Literary Criticism: Readers and their Texts - ENG 5283 - Spring 2009


Frank Kermode, The Genesis
of Secrecy

Harvard UP, 1979
ISBN: 06743445355

King James Version of the Bible

Revised Standard Version of the Bible

Lori Anne Ferrell, The Bible and the People
Yale UP, 2008
ISBN: 09780300114249

Plato, Republic (Waterfield trans.)
Oxford UP, 2008

Hackett, 1995
ISBN: 0872202208

Aristotle, Poetics, trans. Gerald Else, Michigan UP, 1967
ISBN: 0472061666

 Charlaine Harris, Dead Until Dark
ACE, 2001
ISBN: 0441008534

Shakespeare, The Tempest
Cambridge School Shakespeare, 1999
ISBN: 1903436087

Jonathan Rose, The Intellectual Life of the British Working Classes
Yale UP, 2001
ISBN: 0300088868


Bruce Krajewski
CFO 906

Rather than a tour through the mall of literary theory, this course will take a particular path in the history of hermeneutics.  For the mall approach, you can read a wonderfully useful anthology entitled The Norton Anthology of Theory and Criticism.

We will be exploring some salient questions about literary theory that pertain to groupings of texts from the Bible to the Sookie Stackhouse series of novels.  This exploration will require digging, and a level of attention that might seem taxing at times. We will ask some basic questions, such as Kermode does in his book -- "Why are some narratives obscure?"  How are things hidden in writing? Is this always a secondary effect, or are the psychoanalysts correct that we also (1) hide things, like the truth, from ourselves, and/or (2) refuse to see? We will also think about the ways in which ideology impacts our capacities for clear vision. That is, we apparently have the capacity to live a grand illusion, and not necessarily as a Second Life.

"Allegory is not a playful illustrative technique, but a form of expression, just as speech is expression, and, indeed, just as writing is." Walter Benjamin makes that declaration in The Origin of German Tragic Drama (162 in the standard translation). As Renaissance authors used to say, confirming Benjamin's point above, allegory is the captain of all rhetorical figures of speech. For that reason alone, the topic of allegory deserves our attention. Part of the task involves developing distinctions among allegory, figuration, metaphor, and symbol, and delving into epistemological and political considerations (e.g., Plato's "Seventh Letter").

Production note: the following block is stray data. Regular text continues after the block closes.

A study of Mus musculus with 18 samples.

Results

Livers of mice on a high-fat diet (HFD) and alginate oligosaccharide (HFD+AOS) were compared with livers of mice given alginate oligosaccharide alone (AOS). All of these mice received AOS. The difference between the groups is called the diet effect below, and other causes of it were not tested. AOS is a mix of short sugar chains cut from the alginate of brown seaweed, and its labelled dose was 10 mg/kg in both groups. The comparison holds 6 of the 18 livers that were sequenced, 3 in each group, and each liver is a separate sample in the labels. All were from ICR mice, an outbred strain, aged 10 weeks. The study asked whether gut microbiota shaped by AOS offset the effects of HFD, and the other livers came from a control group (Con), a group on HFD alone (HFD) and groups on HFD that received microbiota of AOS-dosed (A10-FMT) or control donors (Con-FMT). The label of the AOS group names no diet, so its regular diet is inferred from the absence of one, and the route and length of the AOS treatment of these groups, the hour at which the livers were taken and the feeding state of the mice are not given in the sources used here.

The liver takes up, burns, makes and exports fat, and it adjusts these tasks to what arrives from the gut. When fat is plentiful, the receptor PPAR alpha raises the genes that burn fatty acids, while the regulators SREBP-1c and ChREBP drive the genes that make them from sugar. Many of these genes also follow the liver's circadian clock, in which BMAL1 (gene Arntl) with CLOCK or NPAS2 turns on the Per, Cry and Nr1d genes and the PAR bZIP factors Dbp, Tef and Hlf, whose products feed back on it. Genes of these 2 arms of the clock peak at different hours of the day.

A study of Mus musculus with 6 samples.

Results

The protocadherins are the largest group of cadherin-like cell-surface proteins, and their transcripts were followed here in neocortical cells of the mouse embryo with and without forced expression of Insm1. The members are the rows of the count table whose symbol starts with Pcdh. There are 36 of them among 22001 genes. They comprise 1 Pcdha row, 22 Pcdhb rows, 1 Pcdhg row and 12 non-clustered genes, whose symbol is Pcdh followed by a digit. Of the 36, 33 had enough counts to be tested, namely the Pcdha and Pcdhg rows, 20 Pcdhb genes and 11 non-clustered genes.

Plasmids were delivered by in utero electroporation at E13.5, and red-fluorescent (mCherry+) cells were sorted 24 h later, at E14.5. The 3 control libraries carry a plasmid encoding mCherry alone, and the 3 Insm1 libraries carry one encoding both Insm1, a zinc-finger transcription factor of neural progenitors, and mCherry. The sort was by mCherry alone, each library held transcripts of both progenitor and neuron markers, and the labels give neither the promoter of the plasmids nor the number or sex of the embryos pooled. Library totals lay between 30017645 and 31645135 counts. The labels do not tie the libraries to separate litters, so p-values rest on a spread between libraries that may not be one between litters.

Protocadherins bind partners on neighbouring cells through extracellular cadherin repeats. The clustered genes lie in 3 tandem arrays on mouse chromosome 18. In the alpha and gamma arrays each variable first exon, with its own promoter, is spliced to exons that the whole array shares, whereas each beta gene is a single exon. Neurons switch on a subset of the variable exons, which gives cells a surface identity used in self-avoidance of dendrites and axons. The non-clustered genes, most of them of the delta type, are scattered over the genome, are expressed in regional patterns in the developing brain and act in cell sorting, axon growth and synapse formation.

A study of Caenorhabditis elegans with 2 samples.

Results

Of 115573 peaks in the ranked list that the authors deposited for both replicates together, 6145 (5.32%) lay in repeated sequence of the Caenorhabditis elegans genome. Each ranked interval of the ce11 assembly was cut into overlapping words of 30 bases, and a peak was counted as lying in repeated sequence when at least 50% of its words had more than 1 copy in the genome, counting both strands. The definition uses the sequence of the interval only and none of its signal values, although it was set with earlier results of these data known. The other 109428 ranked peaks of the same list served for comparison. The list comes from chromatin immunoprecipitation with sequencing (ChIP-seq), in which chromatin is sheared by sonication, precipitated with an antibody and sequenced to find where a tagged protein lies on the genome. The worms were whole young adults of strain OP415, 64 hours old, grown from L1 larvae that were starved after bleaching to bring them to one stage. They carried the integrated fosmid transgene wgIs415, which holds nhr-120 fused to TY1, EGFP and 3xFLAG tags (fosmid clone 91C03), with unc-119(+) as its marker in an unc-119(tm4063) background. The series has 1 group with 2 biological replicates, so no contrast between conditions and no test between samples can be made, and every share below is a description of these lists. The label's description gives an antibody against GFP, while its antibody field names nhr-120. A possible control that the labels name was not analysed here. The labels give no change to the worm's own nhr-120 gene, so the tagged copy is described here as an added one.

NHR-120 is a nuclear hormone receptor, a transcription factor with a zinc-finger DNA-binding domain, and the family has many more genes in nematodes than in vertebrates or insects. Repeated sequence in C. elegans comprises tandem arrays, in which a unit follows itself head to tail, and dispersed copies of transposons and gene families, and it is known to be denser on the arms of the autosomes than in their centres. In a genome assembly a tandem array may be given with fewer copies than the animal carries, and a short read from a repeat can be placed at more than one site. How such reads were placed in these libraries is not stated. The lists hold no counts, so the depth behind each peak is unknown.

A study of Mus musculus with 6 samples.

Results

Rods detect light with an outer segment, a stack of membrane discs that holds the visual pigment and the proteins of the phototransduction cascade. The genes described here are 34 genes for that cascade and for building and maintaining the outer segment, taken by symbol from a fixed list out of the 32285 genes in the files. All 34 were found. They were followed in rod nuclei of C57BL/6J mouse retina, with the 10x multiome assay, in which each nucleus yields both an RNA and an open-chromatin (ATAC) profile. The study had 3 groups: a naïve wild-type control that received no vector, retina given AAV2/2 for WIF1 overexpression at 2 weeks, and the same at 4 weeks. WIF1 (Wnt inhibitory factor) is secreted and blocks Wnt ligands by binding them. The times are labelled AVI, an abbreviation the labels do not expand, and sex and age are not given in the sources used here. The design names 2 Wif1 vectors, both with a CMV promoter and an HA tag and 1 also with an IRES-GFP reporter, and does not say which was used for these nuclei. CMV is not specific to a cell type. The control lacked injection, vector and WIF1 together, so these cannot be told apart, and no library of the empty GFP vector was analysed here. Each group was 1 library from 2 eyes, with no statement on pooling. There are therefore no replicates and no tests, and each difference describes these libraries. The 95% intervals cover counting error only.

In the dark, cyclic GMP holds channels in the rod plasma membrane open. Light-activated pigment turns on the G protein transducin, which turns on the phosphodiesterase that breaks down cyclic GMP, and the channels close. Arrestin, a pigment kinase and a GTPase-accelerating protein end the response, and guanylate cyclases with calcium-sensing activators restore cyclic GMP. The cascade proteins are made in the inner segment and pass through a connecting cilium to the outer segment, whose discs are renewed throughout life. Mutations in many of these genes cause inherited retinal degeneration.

Part of the course will focus on a play that will be offered this spring (April 23-26) on TWU's campus, The Tempest.  We will see that play, and I hope to arrange for all of us to talk with the cast and the director about interpretive choices they made for staging the play.  In connection with that, we will see some cinematic interpretations of the text, and we will study why that Shakespearean work became a focal point for a movement called New Historicism, and later, Postcolonialism.

How do people deal with words on a page?  What happens when we try to understand texts?  How have the texts we read come down to us?  Which ones are binding on us, and function as a kind of scripture?

Charlaine Harris
(above) was born in Mississippi in 1951. A native of the Mississippi Delta, she grew up in the middle of a cotton field. Now she lives in southern Arkansas with her husband, her three children, three dogs, and a duck. The duck stays outside.

Though her early output consisted largely of ghost stories, by the time she hit college (Rhodes, in Memphis) Charlaine was writing poetry and plays. After holding down some low-level jobs, she had the opportunity to stay home and write, and the resulting two stand-alones were published by Houghton Mifflin. After a child-producing sabbatical, Charlaine latched on to the trend of writing mystery series, and soon had her own traditional books about a Georgia librarian, Aurora Teagarden. Her first Teagarden, Real Murders, garnered an Agatha nomination. -- excerpt from the official Charlaine Harris web site

TWU Home Department of English, Speech, and Foreign Languages International Society for the History of Rhetoric • Last updated 16 January 2009.